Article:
Pfeffer, 65, the Division VI judge who tries criminal cases for the First District Court, will retire on Friday, leaving his criminal docket to Judge T. Glenn Ellington. Pfeffer has been busy clearing out his office as he prepares for a retirement that he expects to spend making wood sculptures and traveling with his wife. He said he’s thankful for a career that has allowed him to apply his legal expertise to make important decisions that affect the community.
“I found this job to be a tremendous honor and I always tried to meet that responsibility,” Pfeffer said of his 17 years on the bench. “That’s how I feel about it.”
He would have faced a retention election next year.
Pfeffer had about 24 years of legal experience under his belt when he, at the encouragement of a fellow attorney, applied for a vacancy within the district. He was appointed to the bench in December 1996 by then-Gov. Gary Johnson. The first few years of his judgeship were spent handling civil cases.
Some of those lawsuits stand out for Pfeffer even more than some criminal proceedings he handled. Civil cases, Pfeffer said, can have wide-reaching implications for many people. He once presided over a 1998 lawsuit challenging legislation that shuttered drive-up liquor establishments in New Mexico. Litigants sued the state, alleging lawmakers overstepped their authority by passing three different pieces of legislation, which allowed Johnson to select one to sign, Pfeffer said. Pfeffer upheld the constitutionality of the legislation, a decision that was not appealed.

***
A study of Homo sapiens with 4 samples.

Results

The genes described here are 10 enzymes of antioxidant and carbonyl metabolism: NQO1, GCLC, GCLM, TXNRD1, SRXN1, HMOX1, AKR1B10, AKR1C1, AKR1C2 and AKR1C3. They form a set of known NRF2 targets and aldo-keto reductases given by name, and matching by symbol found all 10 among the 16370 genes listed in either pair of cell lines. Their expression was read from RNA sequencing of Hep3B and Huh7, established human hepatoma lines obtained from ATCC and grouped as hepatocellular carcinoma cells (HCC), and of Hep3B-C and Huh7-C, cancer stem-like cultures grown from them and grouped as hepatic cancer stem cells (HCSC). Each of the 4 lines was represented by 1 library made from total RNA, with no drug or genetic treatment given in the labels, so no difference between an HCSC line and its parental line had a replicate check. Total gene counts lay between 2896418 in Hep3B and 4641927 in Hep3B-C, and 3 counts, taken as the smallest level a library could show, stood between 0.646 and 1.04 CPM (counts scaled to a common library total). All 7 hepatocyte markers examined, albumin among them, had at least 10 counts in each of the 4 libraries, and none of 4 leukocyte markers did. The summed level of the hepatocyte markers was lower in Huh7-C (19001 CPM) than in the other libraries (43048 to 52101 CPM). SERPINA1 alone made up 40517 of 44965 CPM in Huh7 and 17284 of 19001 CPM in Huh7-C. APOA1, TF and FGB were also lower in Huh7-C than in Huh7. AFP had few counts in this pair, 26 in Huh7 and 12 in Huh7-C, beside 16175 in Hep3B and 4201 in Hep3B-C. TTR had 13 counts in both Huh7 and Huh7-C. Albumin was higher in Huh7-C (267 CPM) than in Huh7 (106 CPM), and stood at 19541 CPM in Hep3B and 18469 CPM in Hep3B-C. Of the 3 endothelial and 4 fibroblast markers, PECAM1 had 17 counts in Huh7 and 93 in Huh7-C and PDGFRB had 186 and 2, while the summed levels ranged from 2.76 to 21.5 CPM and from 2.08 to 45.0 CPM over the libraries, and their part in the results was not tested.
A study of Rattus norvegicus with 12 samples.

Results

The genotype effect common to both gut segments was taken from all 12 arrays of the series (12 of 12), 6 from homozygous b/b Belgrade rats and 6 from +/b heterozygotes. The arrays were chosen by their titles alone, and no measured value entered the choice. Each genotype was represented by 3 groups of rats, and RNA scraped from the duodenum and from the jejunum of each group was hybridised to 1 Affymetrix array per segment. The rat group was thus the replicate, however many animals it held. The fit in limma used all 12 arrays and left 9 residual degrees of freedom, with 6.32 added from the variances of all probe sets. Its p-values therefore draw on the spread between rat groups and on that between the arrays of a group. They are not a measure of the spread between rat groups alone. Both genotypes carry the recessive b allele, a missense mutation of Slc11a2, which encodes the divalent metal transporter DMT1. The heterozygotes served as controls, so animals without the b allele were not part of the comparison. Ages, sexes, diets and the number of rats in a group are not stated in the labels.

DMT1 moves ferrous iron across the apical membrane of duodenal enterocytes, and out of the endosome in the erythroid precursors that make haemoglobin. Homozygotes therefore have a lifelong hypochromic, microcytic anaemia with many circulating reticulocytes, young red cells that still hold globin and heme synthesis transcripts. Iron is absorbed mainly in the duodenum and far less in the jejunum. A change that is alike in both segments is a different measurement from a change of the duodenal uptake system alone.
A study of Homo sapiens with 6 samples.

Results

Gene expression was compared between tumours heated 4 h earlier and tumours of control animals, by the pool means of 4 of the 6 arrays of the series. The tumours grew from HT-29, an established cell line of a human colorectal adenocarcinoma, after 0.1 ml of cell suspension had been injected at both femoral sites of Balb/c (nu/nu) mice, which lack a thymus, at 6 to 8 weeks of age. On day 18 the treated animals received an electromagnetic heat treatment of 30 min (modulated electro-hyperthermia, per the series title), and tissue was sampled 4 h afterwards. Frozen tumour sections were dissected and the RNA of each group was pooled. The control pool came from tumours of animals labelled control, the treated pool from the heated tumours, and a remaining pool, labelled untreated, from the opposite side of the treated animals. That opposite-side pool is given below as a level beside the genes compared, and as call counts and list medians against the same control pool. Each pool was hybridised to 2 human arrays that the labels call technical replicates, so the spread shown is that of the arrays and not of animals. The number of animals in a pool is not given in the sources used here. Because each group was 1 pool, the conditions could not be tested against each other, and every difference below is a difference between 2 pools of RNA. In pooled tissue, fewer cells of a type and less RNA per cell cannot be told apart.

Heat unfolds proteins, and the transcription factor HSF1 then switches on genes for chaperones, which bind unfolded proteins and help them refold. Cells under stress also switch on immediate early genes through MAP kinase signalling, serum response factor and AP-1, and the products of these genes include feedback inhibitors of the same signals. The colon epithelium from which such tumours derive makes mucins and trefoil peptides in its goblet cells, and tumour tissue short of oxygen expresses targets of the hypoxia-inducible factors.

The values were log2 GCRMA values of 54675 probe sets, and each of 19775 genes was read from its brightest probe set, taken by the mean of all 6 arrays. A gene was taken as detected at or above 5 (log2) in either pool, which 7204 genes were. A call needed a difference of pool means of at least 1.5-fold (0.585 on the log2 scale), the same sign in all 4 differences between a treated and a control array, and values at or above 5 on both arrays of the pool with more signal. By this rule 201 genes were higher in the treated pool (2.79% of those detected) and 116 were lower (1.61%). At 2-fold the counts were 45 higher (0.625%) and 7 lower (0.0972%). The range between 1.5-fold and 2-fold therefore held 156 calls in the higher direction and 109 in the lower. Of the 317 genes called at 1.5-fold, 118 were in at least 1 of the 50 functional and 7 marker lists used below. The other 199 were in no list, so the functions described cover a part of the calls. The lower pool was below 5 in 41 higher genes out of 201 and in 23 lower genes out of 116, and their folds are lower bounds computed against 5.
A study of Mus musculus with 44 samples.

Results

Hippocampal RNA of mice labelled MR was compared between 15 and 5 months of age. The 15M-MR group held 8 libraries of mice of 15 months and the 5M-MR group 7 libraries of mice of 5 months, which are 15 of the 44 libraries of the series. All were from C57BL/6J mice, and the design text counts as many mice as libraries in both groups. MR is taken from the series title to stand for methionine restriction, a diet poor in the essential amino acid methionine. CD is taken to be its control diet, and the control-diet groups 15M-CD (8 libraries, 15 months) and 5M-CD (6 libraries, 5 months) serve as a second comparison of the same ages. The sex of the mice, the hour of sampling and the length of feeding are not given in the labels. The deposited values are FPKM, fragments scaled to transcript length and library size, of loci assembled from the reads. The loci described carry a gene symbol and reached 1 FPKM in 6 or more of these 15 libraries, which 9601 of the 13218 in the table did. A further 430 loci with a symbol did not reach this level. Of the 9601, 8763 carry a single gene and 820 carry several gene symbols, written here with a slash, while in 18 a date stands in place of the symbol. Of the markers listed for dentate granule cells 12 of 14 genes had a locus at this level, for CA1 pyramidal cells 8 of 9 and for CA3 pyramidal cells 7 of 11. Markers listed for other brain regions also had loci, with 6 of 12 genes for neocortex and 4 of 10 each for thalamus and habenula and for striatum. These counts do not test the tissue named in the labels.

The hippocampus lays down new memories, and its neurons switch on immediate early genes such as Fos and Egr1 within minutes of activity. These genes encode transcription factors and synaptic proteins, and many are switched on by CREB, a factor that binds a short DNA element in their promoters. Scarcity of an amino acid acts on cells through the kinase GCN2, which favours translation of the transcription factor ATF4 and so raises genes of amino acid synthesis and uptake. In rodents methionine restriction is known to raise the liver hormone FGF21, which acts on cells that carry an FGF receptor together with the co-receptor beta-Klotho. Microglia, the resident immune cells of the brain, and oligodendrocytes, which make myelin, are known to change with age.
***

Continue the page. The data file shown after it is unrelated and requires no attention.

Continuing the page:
Another civil case that stands out for Pfeffer was recognized with a Common Good Gatekeeper Award in 2004. In that case, Pfeffer ruled against plaintiffs who sued a priest who presided over a funeral, during which he declared, “God vomits people like (the deceased) into hell.” Pfeffer said that, although he could understand the family’s feelings, he felt the court had no legal authority over the priest’s comments due to the separation of church and state.
Pfeffer started taking criminal cases after about three years on the bench.
“It was like starting a new career,” he said.
He noted that these cases, unlike some of his civil cases, affected the lives of small groups of individuals. In handling these cases and in deciding how to sentence an offender, Pfeffer said he had to balance the victims, the defendant and a duty to protect the community. While some offenders are so dangerous they should be incarcerated for the protection of others, he said, he worries that modern society is “addicted” to incarceration as an answer to crime. In his own experience, he tried balancing incarceration with methods such as electronic monitoring, which punishes offenders but allows them to go to work, stay sober and raise families.
To that end, Pfeffer said he’d try to encourage defendants to develop their skills and not to victimize themselves or others. He said he worries that when people lack opportunities, such as employment, they’re likely to fall into trouble. He said he believes most people naturally want to have a good job, to be able to afford a car or to care for their families.
“If (those opportunities) are not there, then something else takes its place,” he said. “It certainly makes me not feel sanctimonious when I’m sentencing somebody.”
When asked if he had any concerns about the criminal justice system as a whole, Pfeffer said people who are incarcerated need to be safe. He’s worried about the proliferation of prison gangs, which can cause violence and can lead to people being locked away in solitary confinement.
“It reflects on our society in how we treat the incarcerated,” he said. “… I have that concern because I incarcerate people.”
When asked if he had any advice for his replacement, Pfeffer was hesitant, saying Ellington was an experienced criminal lawyer, but he added that criminal judges need balance.
“While it should be recognized that people deserve chances, at some point I believe the overall responsibility is to protect the general society, which calls upon being firm,” Pfeffer said.